Enfield's Guide to Elocution: Improved and Classically Divided Into Six Parts, Viz., Grammar, Composition, Synonomy, Language, Orations, Poems, and Other Interesting Subjects (Google eBook)

Tegg, 1810 - Elocution - 295 pages
Page 234 - And every shepherd tells his tale Under the hawthorn in the dale. Straight mine eye hath caught new pleasures, Whilst the...
Page 259 - Stern o'er each bosom reason holds her state With daring aims irregularly great ; Pride in their port, defiance in their eye, I see the lords of human kind pass by...
Page 234 - Through the high wood echoing shrill: Some time walking, not unseen, By hedge-row elms, on hillocks green, Right against the eastern gate, Where the great sun begins his state...
Page 212 - Honour and shame from no condition rise ; Act well your part, there all the honour lies.
Page 263 - Now came still evening on, and twilight gray Had in her sober livery all things clad ; Silence accompanied ; for beast and bird, They to their grassy couch, these to their nests Were slunk, all but the wakeful nightingale ; She all night long her amorous descant sung...
Page 233 - Haste thee, nymph, and bring with* thee Jest and youthful Jollity. Quips and cranks, and wanton wiles, Nods and becks, and wreathed smiles, Such as hang on Hebe's cheek, And love to live in dimple sleek; Sport that wrinkled Care derides, And Laughter holding both his sides. Come, and trip it as you go On the light fantastic toe...
Page 153 - Romans, countrymen, and lovers! hear me for my cause ; and be silent that you may hear : believe me for mine honour; and have respect to mine honour, that you may believe: censure me in your wisdom; and awake your senses that you may the better judge. If there be any in this assembly, any dear friend of Caesar's, to him I say, that Brutus' love to Caesar was no less than his.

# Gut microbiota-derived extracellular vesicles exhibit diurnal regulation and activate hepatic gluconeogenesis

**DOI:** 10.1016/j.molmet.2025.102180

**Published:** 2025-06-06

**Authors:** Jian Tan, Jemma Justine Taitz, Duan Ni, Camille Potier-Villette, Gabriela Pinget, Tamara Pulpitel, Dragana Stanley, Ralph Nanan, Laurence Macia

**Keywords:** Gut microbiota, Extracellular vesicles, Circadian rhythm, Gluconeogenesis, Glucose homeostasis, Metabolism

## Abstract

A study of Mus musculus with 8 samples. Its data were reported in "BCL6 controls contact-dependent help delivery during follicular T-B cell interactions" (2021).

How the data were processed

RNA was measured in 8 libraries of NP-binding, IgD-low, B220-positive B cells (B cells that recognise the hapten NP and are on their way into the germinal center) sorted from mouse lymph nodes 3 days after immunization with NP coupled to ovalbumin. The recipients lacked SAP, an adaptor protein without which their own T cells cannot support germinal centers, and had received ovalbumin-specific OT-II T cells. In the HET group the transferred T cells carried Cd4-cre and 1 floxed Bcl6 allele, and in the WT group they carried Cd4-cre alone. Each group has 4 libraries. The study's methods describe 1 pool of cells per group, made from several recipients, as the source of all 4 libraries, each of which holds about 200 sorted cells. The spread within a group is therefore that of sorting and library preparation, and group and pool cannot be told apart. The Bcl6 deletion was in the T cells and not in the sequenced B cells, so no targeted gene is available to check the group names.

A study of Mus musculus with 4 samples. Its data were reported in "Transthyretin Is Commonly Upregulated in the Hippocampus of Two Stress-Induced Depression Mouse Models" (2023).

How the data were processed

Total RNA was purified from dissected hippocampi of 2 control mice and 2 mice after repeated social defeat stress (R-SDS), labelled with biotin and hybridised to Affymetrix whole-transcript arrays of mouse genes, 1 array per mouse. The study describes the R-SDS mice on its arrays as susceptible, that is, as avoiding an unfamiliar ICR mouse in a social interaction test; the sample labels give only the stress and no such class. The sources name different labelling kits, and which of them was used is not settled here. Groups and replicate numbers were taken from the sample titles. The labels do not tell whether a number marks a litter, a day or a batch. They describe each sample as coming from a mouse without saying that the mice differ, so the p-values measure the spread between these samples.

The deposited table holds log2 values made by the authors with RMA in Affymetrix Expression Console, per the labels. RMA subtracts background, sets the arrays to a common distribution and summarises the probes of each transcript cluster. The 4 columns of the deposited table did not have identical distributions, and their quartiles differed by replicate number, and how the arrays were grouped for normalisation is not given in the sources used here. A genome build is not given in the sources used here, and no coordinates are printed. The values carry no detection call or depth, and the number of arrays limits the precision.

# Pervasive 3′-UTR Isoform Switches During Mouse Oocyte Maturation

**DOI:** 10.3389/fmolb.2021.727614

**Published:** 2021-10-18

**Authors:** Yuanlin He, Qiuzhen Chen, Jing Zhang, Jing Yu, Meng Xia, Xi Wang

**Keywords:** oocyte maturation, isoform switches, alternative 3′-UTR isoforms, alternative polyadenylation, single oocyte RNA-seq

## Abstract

Page 237 - And ever, against eating cares, Lap me in soft Lydian airs, Married to immortal verse, Such as the meeting soul may pierce, In notes with many a winding bout Of linked sweetness long drawn out With wanton heed and giddy cunning, The melting voice through mazes running, Untwisting all the chains that tie The hidden soul of harmony; That Orpheus...
Page 252 - Wept o'er his wounds or tales of sorrow done, Shouldered his crutch, and showed how fields were won. Pleased with his guests, the good man learned to glow, And quite forgot their vices in their woe ; Careless their merits or their faults to scan, His pity gave ere charity began.